EGU24-7306, updated on 08 Mar 2024
EGU General Assembly 2024
© Author(s) 2024. This work is distributed under
the Creative Commons Attribution 4.0 License.

Stable Middle Miocene seawater isotopes in the eastern North Atlantic Ocean

Katrin Haettig1, Stefan Schouten1,2, and Marcel T.J. van der Meer1
Katrin Haettig et al.
  • 1NIOZ, Netherlands
  • 2Utrecht University, the Netherlands

The Middle Miocene is a phase of gradual climate cooling, CO2 decline and major episodes of seaward Antarctic ice expansion across the Middle Miocene Climate Transition. The global benthic foraminifera oxygen isotopes (δ18Obenthic) show a long-term increase by approximately 1‰, reflecting bottom water cooling and increase in global ice volume, although the latter is subject of debate. Here, we used a relatively new proxy based on hydrogen isotopes of long-chain alkenones (δ2HC37), produced by Haptophyte algae, to reconstruct surface seawater isotopes (e.g., Schouten et al., 2006; Weiss et al., 2019; Gould et al., 2019). This proxy is, in contrast to δ18Obenthic, not temperature dependent. Enabling us to reconstruct the isotopic evolution of the surface seawater from marine sedimentary records up to 40 Million years ago.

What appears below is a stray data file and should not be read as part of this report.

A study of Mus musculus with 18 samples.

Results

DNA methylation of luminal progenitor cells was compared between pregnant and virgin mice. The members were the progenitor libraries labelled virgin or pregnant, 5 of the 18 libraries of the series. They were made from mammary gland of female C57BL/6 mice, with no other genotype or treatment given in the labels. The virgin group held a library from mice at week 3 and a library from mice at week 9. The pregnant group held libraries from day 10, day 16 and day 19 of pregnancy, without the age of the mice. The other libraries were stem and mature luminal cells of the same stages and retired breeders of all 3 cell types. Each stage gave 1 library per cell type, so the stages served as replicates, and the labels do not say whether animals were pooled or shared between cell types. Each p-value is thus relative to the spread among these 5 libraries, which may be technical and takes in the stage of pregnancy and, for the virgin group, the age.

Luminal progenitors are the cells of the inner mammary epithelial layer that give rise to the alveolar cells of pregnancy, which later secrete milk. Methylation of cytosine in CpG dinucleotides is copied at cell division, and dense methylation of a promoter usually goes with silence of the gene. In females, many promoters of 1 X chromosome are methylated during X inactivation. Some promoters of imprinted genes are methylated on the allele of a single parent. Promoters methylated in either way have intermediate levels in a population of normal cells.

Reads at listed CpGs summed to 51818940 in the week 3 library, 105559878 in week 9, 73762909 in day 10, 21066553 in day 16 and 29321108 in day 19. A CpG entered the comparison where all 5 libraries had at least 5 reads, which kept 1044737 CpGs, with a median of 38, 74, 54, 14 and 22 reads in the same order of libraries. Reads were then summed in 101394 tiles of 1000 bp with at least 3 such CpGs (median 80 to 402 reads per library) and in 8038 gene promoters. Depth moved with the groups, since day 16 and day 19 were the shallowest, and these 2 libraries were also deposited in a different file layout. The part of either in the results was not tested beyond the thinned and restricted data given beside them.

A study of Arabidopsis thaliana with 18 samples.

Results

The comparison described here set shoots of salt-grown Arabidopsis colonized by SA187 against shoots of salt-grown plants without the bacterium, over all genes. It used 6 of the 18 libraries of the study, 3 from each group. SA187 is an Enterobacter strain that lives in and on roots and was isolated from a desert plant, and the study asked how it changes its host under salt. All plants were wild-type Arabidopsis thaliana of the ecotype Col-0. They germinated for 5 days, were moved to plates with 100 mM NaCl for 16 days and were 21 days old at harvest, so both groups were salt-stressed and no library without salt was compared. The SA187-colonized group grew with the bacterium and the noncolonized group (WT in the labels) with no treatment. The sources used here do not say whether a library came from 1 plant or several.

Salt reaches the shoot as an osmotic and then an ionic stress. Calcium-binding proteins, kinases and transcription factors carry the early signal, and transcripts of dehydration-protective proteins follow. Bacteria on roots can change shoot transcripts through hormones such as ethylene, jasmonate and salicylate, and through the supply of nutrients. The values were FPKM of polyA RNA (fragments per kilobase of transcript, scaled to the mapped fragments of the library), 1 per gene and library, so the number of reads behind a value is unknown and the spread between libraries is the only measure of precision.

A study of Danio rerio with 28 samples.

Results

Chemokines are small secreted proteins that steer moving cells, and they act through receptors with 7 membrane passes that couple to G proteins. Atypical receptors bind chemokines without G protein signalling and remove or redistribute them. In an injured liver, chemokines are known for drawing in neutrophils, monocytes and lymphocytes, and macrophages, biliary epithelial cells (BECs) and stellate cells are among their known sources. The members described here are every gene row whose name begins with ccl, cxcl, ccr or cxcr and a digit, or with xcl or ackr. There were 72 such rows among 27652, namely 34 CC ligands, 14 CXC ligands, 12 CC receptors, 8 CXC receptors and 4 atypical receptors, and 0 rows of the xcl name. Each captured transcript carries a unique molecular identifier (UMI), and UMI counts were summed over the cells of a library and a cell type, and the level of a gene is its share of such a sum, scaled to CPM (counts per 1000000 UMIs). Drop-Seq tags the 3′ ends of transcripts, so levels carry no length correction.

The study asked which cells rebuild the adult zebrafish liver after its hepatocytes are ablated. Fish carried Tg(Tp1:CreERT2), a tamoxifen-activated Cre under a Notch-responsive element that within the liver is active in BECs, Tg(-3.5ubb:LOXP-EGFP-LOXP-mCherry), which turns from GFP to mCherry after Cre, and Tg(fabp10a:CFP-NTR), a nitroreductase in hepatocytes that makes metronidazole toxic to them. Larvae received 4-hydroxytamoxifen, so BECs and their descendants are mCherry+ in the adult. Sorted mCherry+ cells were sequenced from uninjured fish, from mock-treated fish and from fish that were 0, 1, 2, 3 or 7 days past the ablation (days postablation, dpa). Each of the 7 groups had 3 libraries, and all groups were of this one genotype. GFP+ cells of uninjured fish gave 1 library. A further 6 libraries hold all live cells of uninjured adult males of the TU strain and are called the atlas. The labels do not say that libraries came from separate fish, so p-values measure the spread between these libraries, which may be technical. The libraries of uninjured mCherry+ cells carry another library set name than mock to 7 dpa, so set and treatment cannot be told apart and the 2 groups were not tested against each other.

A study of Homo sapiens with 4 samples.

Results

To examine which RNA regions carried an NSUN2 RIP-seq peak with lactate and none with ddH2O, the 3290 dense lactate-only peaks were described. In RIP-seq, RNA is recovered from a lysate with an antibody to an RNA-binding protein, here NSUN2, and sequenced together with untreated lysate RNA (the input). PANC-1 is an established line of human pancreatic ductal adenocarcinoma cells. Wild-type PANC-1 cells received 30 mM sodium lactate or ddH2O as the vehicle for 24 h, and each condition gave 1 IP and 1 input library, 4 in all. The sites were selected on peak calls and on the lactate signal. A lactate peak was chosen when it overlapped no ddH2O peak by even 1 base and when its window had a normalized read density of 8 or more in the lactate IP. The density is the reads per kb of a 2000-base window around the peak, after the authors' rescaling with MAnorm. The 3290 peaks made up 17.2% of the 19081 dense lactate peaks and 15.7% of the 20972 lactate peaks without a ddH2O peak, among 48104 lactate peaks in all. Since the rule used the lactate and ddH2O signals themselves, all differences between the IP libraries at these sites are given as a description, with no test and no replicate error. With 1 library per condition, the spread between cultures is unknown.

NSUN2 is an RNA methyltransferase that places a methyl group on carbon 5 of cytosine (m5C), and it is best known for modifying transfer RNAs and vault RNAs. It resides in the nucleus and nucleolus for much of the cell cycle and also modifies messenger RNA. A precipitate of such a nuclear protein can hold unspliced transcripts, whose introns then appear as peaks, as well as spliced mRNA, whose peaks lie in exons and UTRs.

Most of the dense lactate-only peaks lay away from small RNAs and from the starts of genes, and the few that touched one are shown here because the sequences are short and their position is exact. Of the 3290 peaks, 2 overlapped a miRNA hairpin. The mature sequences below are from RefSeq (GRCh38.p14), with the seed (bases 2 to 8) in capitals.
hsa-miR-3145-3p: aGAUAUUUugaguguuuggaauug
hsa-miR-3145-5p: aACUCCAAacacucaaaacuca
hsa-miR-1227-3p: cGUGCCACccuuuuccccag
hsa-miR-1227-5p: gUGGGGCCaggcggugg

Here, we compare foraminifera based oxygen isotope and alkenone based hydrogen isotope reconstructions of seawater from a shallow sediment record covering the Middle Miocene (IODP Site U1318, 409 m water depth, eastern North Atlantic Ocean, Sangiorgi et al., 2021). The local δ18Obenthic record shows a strong long-term increase across the Middle Miocene Climate Transition in agreement with global benthic stacks. However, our reconstructed surface seawater δ2H shows no long-term increasing trend and when correcting the local δ18Obenthic record for subsurface temperature with TEXH86, the bottom seawater δ18O record also shows no long-term trend. Our findings are in line with recently published records using clumped isotope temperatures which suggest a long-term decrease in temperature during the Middle Miocene large enough to explain the trend in oxygen isotopic composition of the benthic foraminifera without the need for a change in ice volume.

How to cite: Haettig, K., Schouten, S., and van der Meer, M. T. J.: Stable Middle Miocene seawater isotopes in the eastern North Atlantic Ocean, EGU General Assembly 2024, Vienna, Austria, 14–19 Apr 2024, EGU24-7306,, 2024.